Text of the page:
Turns out Facebook isn't as polarizing as previously thought

New studies show that, contrary to prior belief, the algorithm has little effect on driving polarization

3D illustration of ballot box with blank on laptop screen
The results of four studies paint a "contradictory and nuanced" picture of social media feeds' influence on politics
(Image credit: VectorHot / Getty Images)

Many worry the U.S. has become increasingly polarized over the past few years, and activists, regulators and lawmakers have often blamed social media. They've argued that the algorithm that powers Meta's platforms, Facebook and Instagram, creates echo chambers that have spread disinformation and further perpetuate political division. However, four new studies published in the Science and Nature journals "complicate that narrative," The New York Times reported. The results paint a "contradictory and nuanced" picture of social media feeds' influence on politics. They suggested that "understanding social media's role in shaping discourse may take years to unwind," the Times added.

The papers are the first in a series of 16 peer-reviewed studies in collaboration with Meta. The research stands out because they could access internal data provided by the company, as opposed to publicly available information like previous experiments. The teams ran various experiments by altering users' Facebook and Instagram feeds in the fall leading up to the 2020 election to see if it could "change political beliefs, knowledge or polarization," The Washington Post explained. Methods included changing the chronology of the feeds, limiting viral content, removing the ability to reshare content, and reducing content from like-minded users. A study published in Science based on the data of 208 million anonymized users found the resharing of "content from untrustworthy sources." They also found that conservative users share and consume most content flagged as misinformation by third-party fact-checkers. Still, across the studies, researchers found that the changes had little effect on polarization or offline political activity for users.

Algorithms do play a significant role in what people see on the platforms. But researchers found they had "very little impact in changes to people's attitudes about politics and even people's self-reported participation around politics." Joshua Tucker, the co-director of the Center for Social Media and Politics at New York University and one of the heads of the project, said in an interview. The response to the study's complicated results has been mixed.


For Meta, the findings bolster the company's argument that its algorithm was not perpetuating political division. Nick Clegg, Meta's president of global affairs, applauded the studies for showing there's "little evidence that key features of Meta's platforms alone cause harmful 'affective' polarization or have meaningful effects on these outcomes."

However, we should be "careful about what we assume is happening versus what actually is," Katie Harbath, a former public policy director at Meta, told the Times. Together, the studies contradict the "assumed impacts of social media." Multiple factors shape our political preferences, and social media "alone is not to blame for all our woes," she added.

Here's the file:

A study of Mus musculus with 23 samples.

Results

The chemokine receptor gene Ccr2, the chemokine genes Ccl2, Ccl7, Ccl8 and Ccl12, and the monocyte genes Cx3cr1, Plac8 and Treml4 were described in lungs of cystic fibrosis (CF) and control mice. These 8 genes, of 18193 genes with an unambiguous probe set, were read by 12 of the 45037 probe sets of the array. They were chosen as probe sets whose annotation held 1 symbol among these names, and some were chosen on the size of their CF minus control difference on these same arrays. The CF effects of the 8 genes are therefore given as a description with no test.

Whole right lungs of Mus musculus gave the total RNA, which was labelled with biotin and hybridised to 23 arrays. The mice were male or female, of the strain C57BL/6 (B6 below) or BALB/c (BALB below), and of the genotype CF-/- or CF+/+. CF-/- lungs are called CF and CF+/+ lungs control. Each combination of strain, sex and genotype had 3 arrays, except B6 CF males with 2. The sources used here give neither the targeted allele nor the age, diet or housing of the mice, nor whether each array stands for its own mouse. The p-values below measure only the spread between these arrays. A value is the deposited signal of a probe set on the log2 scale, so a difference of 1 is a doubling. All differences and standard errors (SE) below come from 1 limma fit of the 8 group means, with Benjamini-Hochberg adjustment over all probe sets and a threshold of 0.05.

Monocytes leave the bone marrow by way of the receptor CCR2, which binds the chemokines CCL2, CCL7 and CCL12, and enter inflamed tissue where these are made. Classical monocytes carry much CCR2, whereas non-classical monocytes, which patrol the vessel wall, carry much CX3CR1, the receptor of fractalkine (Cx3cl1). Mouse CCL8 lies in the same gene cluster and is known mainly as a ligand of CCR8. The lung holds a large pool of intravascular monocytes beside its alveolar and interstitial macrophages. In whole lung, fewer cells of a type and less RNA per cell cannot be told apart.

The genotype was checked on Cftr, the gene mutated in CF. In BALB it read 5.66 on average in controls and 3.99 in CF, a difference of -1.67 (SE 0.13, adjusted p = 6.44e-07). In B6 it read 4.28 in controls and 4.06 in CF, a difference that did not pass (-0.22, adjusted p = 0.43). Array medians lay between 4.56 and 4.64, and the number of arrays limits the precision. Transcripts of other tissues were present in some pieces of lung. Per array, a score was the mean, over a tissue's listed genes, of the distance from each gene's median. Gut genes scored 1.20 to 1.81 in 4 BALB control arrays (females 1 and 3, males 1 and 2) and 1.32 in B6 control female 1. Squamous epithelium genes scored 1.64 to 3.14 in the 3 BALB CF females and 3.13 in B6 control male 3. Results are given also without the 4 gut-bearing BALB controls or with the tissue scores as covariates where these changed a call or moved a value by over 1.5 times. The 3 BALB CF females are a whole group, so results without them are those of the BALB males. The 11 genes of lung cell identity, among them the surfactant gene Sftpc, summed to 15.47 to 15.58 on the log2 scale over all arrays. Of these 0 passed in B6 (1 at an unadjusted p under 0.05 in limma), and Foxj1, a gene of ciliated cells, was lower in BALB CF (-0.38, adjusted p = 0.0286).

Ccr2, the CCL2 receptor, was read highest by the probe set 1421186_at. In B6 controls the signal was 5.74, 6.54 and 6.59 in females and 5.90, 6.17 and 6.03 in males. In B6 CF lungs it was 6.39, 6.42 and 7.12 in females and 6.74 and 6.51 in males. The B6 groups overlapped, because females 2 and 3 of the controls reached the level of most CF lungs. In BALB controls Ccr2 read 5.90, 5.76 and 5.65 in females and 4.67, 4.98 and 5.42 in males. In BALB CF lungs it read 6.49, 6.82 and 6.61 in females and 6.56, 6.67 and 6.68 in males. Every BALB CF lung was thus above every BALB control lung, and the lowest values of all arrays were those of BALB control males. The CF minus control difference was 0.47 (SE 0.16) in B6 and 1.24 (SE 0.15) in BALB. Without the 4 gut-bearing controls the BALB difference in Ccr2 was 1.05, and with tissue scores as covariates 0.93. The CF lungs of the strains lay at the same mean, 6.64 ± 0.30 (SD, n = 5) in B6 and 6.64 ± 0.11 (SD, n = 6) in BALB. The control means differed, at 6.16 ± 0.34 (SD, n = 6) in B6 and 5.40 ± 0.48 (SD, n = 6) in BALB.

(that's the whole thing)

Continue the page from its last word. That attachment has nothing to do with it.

Tech companies aren't off the hook

Some critics and researchers who observed the studies before they were published remain ambivalent about the results. One thing they can't ignore is that Meta was a partner in the research project and spent $20 million for data gathering from the National Opinion Research Center at the University of Chicago, a nonpartisan organization. Although Meta didn't directly pay the researchers, some of their employees worked with the teams. Additionally, Meta had the authority to reject data requests that infringed on users' privacy rights.

Advocates argue that the studies don't exonerate tech companies from working to push back against viral misinformation. Studies endorsed by Meta that "look piecemeal at small sample time periods shouldn't serve as excuses for allowing lies to spread," Nora Benavidez, a senior counsel at digital civil rights group Free Press, argued to the Post. Companies "should be stepping up more in advance of elections not concocting new schemes to dodge accountability," Benavidez concluded.

"It's a little too buttoned up to say this shows Facebook is not a huge problem or social media platforms aren't a problem," Michael W. Wagner, a professor at the University of Wisconsin at Madison's School of Journalism and Mass Communication and an independent observer of the project, told the outlet. Instead, it presents "good scientific evidence there is not just one problem that is easy to solve."


Theara Coleman is a Staff Writer for The Week. A New York native, she previously served as a contributing writer and assistant editor for Honeysuckle Magazine, where she covered racial politics and cannabis industry news. Theara graduated from Howard University and New York University, receiving her BA and MA in English Literature, respectively. She has a background in education as a former High School English teacher. She brings her passion for reading, writing, and all things nerdy to her work as a journalist.